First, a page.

LSD and genetic damage. Is LSD chromosome damaging, carcinogenic,
mutagenic, or teratogenic?
Dishotsky NI, Loughman WD, Mogar RE, Lipscomb WR
Science, 1971; 172:431-440
Review/Synopsis by Doug Fraser
Sixty eight studies (between the years 1967 to 1971) were reviewed to see if there was any consensus as to the effects of LSD with respect to different types of genetic damage. These types include chromosome breakage, carcinogenic and mutagenic changes, and teratogenic effects on fetuses. Each section below briefly summarizes the findings of the authors, their views on the flaws in the studies, and the conclusions on why pure LSD, when ingested in moderate doses, does not cause any type of genetic damage.
Two types of research studied the breakage of chromosomes exposed to LSD - in vitro and in vivo studies. First, no consistent dose-response relation was found in analyzing the in vitro studies. Damage was only reported at high doses or prolonged exposure to LSD, contrary to what would be expected in vivo. Also, the kind of damage most reported (chromatid-type) and the level of it is similar to that induced by a wide variety of factors. Examples of these factors include technical procedures, changes in temperature or pressure, or exposure to any number of substances. Third, the human body has the ability, unlike single cells, to detoxify and excrete noxious compounds. So it is not automatic that something toxic in vitro would be in vivo as well.
As for the in vivo studies, they can be divided into two groups based on the type of LSD the subjects ingested - pure and illicit LSD. It is seen that the illicit LSD users had a much higher chromosome breakage rate. This could easily be attributed to the fact that black market LSD is hardly pure or even LSD at all (as a number of studies have shown) and also to the fact that most of the subjects in these studies were polydrug users or abusers. So it is certainly not definite that the LSD was the factor causing the genetic damage. This is supported by the fact that in the other type of studies, with pure LSD, over 80% of all the subjects showed no chromosome damage at all. The studies that did find some damage had possible methodological flaws as well.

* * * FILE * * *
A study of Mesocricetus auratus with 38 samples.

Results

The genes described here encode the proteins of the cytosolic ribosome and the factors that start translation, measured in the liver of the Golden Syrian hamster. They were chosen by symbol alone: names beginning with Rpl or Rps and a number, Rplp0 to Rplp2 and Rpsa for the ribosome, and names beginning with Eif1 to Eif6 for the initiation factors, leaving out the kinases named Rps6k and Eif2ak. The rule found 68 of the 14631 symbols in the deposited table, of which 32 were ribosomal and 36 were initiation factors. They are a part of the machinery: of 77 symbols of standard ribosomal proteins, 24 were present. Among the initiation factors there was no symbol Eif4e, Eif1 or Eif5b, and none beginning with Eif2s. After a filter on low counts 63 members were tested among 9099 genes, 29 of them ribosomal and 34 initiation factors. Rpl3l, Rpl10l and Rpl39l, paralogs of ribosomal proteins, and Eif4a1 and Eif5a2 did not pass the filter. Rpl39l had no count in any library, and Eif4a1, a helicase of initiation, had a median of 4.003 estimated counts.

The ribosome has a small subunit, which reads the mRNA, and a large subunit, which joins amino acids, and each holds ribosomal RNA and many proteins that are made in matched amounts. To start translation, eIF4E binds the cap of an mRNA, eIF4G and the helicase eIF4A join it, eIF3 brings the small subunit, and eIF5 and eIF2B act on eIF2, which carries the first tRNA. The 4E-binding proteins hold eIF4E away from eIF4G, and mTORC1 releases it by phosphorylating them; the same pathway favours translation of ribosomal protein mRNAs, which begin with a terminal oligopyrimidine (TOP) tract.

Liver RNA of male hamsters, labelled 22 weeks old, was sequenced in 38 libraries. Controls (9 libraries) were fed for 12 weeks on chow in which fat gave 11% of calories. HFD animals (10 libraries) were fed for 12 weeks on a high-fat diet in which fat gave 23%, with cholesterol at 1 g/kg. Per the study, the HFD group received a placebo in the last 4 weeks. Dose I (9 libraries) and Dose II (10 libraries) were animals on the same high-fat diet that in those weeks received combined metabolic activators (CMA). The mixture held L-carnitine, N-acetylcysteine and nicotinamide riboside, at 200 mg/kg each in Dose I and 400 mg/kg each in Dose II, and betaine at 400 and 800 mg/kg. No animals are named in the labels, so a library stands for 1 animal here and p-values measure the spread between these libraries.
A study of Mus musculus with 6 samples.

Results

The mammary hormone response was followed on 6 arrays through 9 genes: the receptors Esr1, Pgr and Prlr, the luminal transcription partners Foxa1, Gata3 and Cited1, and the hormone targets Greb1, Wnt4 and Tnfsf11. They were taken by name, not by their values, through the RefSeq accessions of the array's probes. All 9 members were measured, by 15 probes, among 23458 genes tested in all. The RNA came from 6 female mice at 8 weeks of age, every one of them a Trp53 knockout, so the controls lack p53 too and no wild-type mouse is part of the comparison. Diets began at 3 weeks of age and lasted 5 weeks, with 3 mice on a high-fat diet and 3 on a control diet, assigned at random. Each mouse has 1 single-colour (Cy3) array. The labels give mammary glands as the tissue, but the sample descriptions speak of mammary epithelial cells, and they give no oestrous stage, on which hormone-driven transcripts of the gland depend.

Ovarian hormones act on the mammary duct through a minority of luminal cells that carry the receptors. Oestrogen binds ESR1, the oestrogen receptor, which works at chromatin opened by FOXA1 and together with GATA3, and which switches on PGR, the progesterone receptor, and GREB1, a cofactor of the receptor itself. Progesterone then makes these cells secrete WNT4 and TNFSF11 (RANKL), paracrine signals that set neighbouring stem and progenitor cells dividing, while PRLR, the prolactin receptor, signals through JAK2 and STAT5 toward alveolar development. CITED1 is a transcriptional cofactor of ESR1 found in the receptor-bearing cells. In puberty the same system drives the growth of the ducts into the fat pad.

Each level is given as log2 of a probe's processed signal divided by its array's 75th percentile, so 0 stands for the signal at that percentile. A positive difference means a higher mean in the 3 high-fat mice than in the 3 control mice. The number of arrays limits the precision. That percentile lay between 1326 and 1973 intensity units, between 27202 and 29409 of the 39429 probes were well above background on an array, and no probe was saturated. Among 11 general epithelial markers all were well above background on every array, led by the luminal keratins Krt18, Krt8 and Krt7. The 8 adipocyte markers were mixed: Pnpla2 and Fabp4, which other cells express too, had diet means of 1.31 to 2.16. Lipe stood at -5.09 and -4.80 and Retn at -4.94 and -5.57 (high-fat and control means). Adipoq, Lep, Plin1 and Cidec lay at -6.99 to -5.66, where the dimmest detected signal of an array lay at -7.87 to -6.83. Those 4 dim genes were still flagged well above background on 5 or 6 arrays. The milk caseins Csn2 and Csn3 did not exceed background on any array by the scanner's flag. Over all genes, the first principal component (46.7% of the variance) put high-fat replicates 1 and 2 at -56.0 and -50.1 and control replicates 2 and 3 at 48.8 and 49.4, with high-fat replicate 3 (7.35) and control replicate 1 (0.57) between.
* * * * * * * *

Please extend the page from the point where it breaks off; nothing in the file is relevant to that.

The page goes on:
Studies that speculated LSD was a carcinogen were based on the comparison of the specific type of damage (presumably) induced by LSD and the type of damage seen in leukemia patients. But the evidence was scanty and any connections tenuous, so the authors of this paper concluded that there was no definite evidence that LSD is a carcinogen. As for mutagenic effects, based on the studies done on drosophilia and fungi, the idea that LSD could be a mutagen was soundly discounted. Only at extremely high doses (equivalent to a 30 x 10 to the power of 6 ug dose for a 70kg man) did any mutagenic effects appear.
However, teratogenic effects were seen in the studies examining LSD and such things as congenital malformations, fetal wastage, and spontaneous abortions. But a significant factor here is that rodents were the primary research subjects in these types of studies - information related to humans and primates was scarce. Generally, very high dose of LSD were shown to disrupt pregnancies in various ways (and only early in the pregnancy) but no teratogenic effects could be found in the offspring. In addition, there was a wide variation of susceptibility based on the strain and the species of the rodent. The important factor to consider here is that there are significant biological differences (with respect to gestation) between humans and rodents that make rodents more sensitive to the teratogenic potential of a substance.
In the case studies of the illicit use of LSD by pregnant women, some children were born with various types of deformities, but the factor of other drugs of abuse was more likely a better explanation - very little data existed to make any good conclusions. But studies of spontaneous abortions did show a possible correlation, so pregnancy is certainly a contraindication. As for germ cells exposed to LSD, the one study of this kind showed no effects.